Ilfracombe, North Devon - Credit: Anthony Brown / Alamy Stock Photo

A view from Ilfracombe - Dave Griffin

Dave Griffin

From my keyboard, both the Worm’s Head Causeway and Port Eynon, directly opposite Ilfracombe, are clearly visible. Today, the air is so clear I can make out its beach.

Through a telescope it is possible to see the Captain’s Table café specialising in that Welsh delicacy, sausages and chips, mainly to occupants of the nearby Skysea caravan park.

The view stunned my Essex visitors. I visited that pleasant spot on the Gower Peninsular, and it takes just under four hours via the Prince of Wales Bridge.

At night, too, the glittering lights of Swansea and Mumbles are discernible from my second-floor study. Not since the pre-industrial revolution days of sailing ships and horse-drawn ploughs has the air been so unpolluted.

A volunteer at Rhossili’s former coastguard station told me that through her monocular, buses can be seen ascending to Mullacott Cross. Britain is getting cleaner.

Two weeks ago, I enjoyed Filer’s Travel’s three-night Thames Tales trip to Greenwich during which our party took four mini-cruises along England’s longest river. Boat guides keenly celebrated the undeniable fact that the world’s dirtiest waterway, once declared virtually dead, now teems with life, and supports dozens of marine species and bird life.

Spectacular numbers of Coots, Kingfishers, Moorhens, Herons and Goldfinches have returned. The Thames, once condemned as an open sewer, is alive again, and tremendous progress has been made in making it sustainable for salmon. Mussels, eels and flounders are back, too, and thriving.

My childhood memories are of London’s blackened buildings and choking pea-souper smogs, one of which, in 1952, killed four thousand Londoners in a single week. The capital now feels transformed, and yet the doomsday merchants persist with warnings of the Earth’s imminent collapse into a catastrophic maelstrom of poison that menaces civilisation.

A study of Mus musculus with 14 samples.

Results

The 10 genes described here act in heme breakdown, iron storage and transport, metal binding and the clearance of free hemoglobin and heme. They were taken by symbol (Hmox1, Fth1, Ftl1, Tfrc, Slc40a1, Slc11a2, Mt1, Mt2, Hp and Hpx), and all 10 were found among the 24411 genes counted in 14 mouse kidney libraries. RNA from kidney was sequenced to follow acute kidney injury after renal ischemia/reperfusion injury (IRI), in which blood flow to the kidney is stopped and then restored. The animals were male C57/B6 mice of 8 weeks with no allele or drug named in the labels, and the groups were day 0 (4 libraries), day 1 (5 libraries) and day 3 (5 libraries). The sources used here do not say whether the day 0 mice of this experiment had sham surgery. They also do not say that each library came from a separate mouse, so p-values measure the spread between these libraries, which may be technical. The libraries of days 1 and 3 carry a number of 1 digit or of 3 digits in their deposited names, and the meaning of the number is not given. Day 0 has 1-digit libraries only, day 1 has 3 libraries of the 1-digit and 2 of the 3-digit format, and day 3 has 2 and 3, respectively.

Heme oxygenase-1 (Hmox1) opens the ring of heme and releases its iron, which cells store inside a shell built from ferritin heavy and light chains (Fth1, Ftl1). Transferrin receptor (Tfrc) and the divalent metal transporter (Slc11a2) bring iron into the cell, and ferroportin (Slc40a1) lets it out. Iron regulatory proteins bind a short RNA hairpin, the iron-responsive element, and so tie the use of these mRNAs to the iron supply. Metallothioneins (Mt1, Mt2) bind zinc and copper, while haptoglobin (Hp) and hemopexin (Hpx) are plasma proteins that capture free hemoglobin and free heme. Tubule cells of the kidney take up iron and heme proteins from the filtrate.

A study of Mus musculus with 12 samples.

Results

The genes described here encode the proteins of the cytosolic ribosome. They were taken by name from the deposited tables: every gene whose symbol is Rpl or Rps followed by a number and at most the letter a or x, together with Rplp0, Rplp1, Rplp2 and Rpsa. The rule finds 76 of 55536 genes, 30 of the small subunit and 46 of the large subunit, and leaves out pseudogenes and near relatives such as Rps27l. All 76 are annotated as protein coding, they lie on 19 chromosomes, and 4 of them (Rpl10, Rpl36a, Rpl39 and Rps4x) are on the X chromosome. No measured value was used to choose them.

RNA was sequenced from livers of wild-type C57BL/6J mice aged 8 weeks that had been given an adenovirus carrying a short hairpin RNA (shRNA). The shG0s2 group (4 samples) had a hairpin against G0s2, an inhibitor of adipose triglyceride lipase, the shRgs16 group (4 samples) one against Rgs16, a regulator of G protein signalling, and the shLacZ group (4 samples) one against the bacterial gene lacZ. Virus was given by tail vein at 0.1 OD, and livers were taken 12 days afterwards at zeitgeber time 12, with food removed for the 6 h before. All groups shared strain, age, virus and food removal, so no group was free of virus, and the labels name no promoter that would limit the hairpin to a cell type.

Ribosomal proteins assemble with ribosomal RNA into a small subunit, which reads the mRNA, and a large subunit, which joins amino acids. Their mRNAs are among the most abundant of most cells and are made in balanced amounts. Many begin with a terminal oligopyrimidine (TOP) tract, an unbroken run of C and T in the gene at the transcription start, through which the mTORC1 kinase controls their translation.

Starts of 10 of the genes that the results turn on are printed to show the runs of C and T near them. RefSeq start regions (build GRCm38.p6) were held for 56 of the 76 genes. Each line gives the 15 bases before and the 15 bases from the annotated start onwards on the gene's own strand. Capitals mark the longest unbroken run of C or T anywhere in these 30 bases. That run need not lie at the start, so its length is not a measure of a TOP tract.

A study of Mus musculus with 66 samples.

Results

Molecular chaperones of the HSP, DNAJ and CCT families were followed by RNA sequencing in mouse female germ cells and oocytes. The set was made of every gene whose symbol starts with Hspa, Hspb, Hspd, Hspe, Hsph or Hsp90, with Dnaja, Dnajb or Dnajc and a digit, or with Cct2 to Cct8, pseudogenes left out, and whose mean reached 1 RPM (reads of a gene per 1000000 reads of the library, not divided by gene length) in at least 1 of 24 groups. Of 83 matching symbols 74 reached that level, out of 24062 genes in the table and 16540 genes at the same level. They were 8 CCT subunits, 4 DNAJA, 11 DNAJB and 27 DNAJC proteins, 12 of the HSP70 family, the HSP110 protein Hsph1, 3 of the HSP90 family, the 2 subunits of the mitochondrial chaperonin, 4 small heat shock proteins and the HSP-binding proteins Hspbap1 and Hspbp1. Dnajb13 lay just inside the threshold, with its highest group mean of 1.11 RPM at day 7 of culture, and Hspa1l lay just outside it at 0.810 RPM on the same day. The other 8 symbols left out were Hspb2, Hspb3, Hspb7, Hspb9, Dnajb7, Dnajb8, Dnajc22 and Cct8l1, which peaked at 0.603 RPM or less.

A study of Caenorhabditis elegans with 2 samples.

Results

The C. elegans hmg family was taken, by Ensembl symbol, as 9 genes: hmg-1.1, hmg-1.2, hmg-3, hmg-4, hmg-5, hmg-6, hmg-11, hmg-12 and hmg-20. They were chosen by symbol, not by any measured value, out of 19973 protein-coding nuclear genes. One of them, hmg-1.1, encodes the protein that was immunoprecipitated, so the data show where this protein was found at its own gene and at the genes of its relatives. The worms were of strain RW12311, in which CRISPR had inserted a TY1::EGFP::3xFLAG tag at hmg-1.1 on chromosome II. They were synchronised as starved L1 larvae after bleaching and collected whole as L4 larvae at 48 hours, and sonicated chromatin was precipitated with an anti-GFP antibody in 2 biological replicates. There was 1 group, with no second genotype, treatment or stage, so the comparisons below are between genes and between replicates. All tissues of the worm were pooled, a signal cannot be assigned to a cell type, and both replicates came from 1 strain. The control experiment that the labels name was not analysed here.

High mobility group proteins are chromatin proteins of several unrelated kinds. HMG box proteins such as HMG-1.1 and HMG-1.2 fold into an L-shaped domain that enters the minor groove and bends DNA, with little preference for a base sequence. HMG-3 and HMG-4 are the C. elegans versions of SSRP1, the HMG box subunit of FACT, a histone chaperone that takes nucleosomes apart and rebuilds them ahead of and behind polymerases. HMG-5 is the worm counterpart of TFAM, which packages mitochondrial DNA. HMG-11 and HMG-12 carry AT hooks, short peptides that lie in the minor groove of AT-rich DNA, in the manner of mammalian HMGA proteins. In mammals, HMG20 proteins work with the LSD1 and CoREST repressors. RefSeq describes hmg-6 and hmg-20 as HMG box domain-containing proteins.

Humanity, these pessimists fear, has just fifteen years to save itself. The hell we face is described in leaflets handed out by zealots at my grandchildrens’ school gates, demanding kids persuade parents to get rid of their cars and refrain from taking foreign holidays.

The purpose is to stigmatise air travel, alongside a vision to revert mankind to a machine-free, disease-ridden, grime infested seventeenth century. We can expect plenty more gloom-laden foreboding from alarmists convinced that the recent heatwave is an ominous sign presaging our imminent mutual destruction.

Such despair defies the human spirit. Last month’s glorious weather was a welcome gift following a decade of miserable, damp, soggy summers.

The late comedian, Caroline Ahern, acclaimed a single sunny interval as a ‘Scorchio’ event. All who experienced the torrid summer months of 1976 will recall even higher temperatures that buckled rails and melted tarmac.

The Earth’s climate changes constantly; we’ll cope by adapting to it. Meanwhile, the more rational Ilfracombe’s Earth Repair Shop offers simple solutions and practical advice to protect our environment by reducing pollution and waste. Watch this space.

Big Brother At The Seaside

Close to the site of Ilfracombe’s new Water Sports Centre at Larkstone Cove, now in an advanced state of construction, a hideous metal column has been installed topped with a CCTV camera. What is the justification for this disproportionately tall Big Brother monstrosity?

Is North Devon Council expecting hordes of outlaws to invade the town? Why can’t we have instead cameras filming council meetings to see who turns up? Britain is risking notoriety for being the planet’s most spied upon population; cameras are constantly poking their intrusive lenses into every waking moment of our lives. Repressive North Korea’s state-controlled media has gleefully reported upon Britain’s unhealthy obsession with spycams.

Every yellow-vested official seems to be fitted with a bodycam, and even Wetherspoons staff wear them. How long before we all sport one? Maybe we could snap those in authority; how would they like being filmed?

Please, let’s reduce this morbid surveillance mentality. Contrary to their purpose, CCTV serves only to make areas feel less safe. It’s police boots we need, not prying eyes. CCTV just records crime. It rarely prevents it.